Unlocking the mystery behind Saturn’s moonlets
Research by Loughborough University physicists casts new light on Saturn’s moonlets – and could help solve some of the mysteries surrounding planet formation.
Saturn's F ring has long been of interest to scientists as its features rapid change on timescales from hours to years, and it is probably the only location in the solar system where large scale collisions happen on a daily basis.
When CASSINI began imaging the Saturn system back in 2006 the discovery of a proliferation of moonlets – small natural satellites – in Saturn’s F ring was an unexpected find. Powerful tidal forces were thought to minimize the clumping of particles necessary to create these moonlets and scientists were at a loss to explain the high population in Saturn’s rings.
As the processes at work in Saturn’s rings are comparable to those of a protoplanetary disk, understanding them could be key to unlocking the secrets of our own solar system. Writing in the journal Scientific Reports, researchers from Loughborough’s Department of Physics have revealed a new computer model which could help solve this mystery.
“Saturn’s rings offer a nearby astrophysical laboratory to study and observe – in real time – many mechanisms and processes theorised to take place in astrophysical disks with the use of the CASSINI space craft,” explains Loughborough physicist Phil Sutton. “And Saturn’s F ring is probably the most active in the solar system. That’s why we think it is so fascinating.”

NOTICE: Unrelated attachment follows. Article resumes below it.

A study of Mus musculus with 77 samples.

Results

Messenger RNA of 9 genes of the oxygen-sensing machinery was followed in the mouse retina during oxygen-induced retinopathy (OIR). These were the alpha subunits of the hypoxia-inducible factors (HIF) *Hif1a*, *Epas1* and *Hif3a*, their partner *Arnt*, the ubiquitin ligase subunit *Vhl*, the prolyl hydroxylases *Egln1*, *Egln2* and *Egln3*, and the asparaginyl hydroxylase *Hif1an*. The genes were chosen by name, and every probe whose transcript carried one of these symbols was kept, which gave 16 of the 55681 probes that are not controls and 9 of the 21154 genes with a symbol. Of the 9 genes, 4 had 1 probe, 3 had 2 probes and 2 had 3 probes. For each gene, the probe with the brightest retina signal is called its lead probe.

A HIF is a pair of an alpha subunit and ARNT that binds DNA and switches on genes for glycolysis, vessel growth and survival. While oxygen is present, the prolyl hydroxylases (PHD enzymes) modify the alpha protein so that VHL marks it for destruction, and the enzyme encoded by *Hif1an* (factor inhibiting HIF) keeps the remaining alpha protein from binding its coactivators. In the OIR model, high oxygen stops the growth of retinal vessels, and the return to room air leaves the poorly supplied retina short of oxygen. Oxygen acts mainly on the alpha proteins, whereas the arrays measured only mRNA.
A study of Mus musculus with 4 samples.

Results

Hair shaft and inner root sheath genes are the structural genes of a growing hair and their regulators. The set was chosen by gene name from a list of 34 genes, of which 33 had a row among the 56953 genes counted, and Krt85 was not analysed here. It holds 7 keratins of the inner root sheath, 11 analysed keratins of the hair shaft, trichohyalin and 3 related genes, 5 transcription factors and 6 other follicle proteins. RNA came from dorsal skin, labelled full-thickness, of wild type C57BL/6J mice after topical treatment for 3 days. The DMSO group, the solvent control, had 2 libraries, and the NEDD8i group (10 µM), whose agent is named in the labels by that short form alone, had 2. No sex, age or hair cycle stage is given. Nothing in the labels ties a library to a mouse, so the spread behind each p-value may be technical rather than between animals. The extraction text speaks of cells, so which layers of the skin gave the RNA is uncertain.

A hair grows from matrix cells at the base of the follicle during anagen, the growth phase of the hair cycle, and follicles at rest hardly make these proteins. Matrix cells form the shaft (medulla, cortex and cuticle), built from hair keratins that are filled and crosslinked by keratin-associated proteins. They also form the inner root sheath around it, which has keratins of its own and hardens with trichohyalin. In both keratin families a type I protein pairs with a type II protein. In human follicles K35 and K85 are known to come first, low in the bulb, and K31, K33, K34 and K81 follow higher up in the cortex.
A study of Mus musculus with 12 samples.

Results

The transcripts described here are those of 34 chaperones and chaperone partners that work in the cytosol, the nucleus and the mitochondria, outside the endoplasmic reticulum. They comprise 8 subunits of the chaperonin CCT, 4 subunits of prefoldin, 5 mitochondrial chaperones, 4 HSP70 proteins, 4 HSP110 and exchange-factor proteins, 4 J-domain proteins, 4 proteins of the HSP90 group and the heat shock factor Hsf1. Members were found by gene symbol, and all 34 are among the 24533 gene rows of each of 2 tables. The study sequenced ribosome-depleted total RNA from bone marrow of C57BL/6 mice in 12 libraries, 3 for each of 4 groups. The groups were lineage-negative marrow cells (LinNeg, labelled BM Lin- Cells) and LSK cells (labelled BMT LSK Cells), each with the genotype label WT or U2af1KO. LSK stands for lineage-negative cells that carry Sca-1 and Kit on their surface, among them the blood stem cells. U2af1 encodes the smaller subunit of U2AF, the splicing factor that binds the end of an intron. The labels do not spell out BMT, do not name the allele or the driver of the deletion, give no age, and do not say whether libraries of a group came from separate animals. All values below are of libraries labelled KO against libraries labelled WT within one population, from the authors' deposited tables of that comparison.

Work on Saturn’s F ring, the outermost of the dense rings, has shown that the nearby ‘shepherd’ moon Prometheus directly influences the formation of moonlets in the ring itself. These moonlets can themselves create structures within the F ring. The interaction between Prometheus and the F ring transpires because of the difference in alignment of the elliptical F ring and the elliptical orbit of Prometheus. Over time changes in the rotational axis alters this alignment, resulting in very close approaches to the F ring by Prometheus. During the closest approaches over the course of one orbital period Prometheus moves towards and then back away from the F ring, creating structures known as streamer-channels.
Previous numerical modelling has used a massless F ring (where particles were non-interacting with each other) interacting with Prometheus and showed that the density of particles at streamer-channel edges increased over a series of orbital periods after the original encounter. However, the modelling did not account for the fast growth of moonlets necessary to explain the large population observed by CASSINI.
“In our paper we report the results of our numerical modelling that assumed an F ring with mass where all particles were gravitationally interacting,” Mr Sutton explains. “What we see is an accelerated growth of the density seen at the same places on the streamer-channel edges than previously reported. This increase is around 5% each orbital period for the first five orbits, compared with a 0% increase for the same regions over the same time period using the non- interacting model.
“Where all the particles in the F ring interact with each other we see a more fluid-like motion. It is this fluid-like motion that creates turbulence and subsequent vortices within the F ring as a perpendicular force to the flow (Prometheus) disrupts it.
“Vortices have extensively been shown to offer an accelerated mechanism for planetesimal formation in protoplanetary disks, concentrating particle towards their centres. Here we can show that the same idea can be applied to moonlet formation within Saturn’s rings – especially the F ring where tidal forces are constantly trying to destroy clumps or moonlets – and could provide a mechanism that would allow the proliferation of moonlets observed by CASSINI.”